Jared Franz
Economist

R-star is the real interest rate that is neither expansionary nor contractionary when the economy is at full employment. If the central bank sets its policy rate below R-star, then its monetary policy position is accommodative. The Fed currently believes R-star is about 0.5%, which is significantly lower than the Fed’s calculation of 2% a decade ago.


However, several factors are driving up this R-star value:


1. Demographic dynamics may be changing - the US and other developed nations are shifting from aging populations to old populations. As people age, they eventually save less, which is supportive of a higher R-star.


2. Government spending is expected to increase - a general rule of thumb is that a percentage point increase in federal debt to gross domestic product (GDP) can help push up R-star by three basis points. Over the past decade, US government debt held by the public has grown from 70% of GDP in 2012 to 97% in 2022, equating roughly to an 80 basis point increase in R-star.


3. Capital investment in factories, warehouses and supply chains will likely rise - The pandemic, US-China tensions and the Russia-Ukraine war have put a new emphasis on building reliable supply chains and ensuring national self-sufficiency. Companies are looking to shift operations closer to end markets or add redundancy. This could unleash a new wave of capital investment in physical infrastructure which should lead to a net upward pressure on real interest rates.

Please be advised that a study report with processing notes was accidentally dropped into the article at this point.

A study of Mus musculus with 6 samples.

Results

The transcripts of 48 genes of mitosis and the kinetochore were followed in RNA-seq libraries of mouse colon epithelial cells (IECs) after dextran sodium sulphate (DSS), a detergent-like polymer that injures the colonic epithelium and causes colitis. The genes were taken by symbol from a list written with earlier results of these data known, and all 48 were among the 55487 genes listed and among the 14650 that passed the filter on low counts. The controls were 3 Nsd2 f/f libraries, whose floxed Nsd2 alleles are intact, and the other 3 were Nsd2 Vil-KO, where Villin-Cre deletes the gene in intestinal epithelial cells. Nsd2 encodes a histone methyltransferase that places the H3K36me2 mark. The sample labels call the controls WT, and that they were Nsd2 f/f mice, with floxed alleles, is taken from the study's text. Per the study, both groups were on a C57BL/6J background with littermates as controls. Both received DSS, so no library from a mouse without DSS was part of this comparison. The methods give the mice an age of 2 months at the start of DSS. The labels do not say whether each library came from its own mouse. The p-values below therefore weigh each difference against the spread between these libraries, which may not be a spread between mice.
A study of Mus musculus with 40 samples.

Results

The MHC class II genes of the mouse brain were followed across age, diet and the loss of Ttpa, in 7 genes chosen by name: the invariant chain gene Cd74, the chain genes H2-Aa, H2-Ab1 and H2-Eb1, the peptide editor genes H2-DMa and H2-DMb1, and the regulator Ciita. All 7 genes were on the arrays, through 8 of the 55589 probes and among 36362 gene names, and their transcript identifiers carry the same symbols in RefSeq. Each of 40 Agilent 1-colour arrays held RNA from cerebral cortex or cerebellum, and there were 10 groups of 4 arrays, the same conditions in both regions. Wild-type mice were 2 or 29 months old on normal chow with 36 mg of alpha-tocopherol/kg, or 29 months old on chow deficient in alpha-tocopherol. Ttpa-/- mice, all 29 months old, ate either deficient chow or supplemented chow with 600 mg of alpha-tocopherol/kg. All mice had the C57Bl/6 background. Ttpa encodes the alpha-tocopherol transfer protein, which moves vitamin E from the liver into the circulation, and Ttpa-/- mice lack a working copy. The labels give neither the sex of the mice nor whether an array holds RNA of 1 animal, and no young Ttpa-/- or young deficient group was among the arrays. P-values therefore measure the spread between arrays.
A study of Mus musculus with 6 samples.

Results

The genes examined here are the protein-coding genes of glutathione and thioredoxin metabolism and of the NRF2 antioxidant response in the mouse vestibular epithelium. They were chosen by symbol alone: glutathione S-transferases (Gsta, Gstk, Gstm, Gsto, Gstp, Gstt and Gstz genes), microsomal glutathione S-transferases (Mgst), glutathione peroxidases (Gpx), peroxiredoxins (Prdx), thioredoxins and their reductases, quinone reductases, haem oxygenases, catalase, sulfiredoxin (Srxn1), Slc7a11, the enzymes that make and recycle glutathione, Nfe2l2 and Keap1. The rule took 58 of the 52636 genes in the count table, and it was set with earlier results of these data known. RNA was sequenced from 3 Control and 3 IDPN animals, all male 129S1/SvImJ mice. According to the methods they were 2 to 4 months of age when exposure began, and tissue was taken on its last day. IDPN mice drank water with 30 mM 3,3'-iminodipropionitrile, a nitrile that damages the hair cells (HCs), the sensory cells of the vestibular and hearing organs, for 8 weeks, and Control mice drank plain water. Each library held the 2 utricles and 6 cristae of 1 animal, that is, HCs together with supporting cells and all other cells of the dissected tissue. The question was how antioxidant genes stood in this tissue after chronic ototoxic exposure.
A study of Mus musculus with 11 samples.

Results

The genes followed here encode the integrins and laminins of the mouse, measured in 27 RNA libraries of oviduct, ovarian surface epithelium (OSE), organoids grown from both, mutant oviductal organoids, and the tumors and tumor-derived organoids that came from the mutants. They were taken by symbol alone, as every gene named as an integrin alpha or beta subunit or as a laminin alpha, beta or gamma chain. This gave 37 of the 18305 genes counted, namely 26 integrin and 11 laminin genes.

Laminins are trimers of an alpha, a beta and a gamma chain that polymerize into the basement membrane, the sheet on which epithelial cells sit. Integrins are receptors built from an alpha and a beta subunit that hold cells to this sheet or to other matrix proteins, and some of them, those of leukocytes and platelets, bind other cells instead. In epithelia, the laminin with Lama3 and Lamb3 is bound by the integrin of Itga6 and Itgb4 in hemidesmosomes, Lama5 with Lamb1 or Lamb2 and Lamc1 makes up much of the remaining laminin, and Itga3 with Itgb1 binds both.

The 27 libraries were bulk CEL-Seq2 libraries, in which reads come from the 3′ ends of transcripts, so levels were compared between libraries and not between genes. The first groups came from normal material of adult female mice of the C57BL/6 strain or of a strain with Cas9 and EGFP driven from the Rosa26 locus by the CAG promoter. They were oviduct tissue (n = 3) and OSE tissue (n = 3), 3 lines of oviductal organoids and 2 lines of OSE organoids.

4. A productivity boost may be coming - the rise of generative AI such as ChatGPT may help lead to a recovery in labour productivity, which could also motivate corporate investment. And every dollar of investment would contribute to a higher R-star.



Jared Franz is an economist at Capital Group, responsible for covering the United States and Latin America. He has 17 years of investment industry experience and has been with Capital Group for eight years. He holds a PhD in economics from the University of Illinois at Chicago and a bachelor’s degree in mathematics from Northwestern University. He is also a member of the Forecasters Club of New York, the National Association of Business Economics and elected member of Conference of Business Economists. Jared is based in Los Angeles.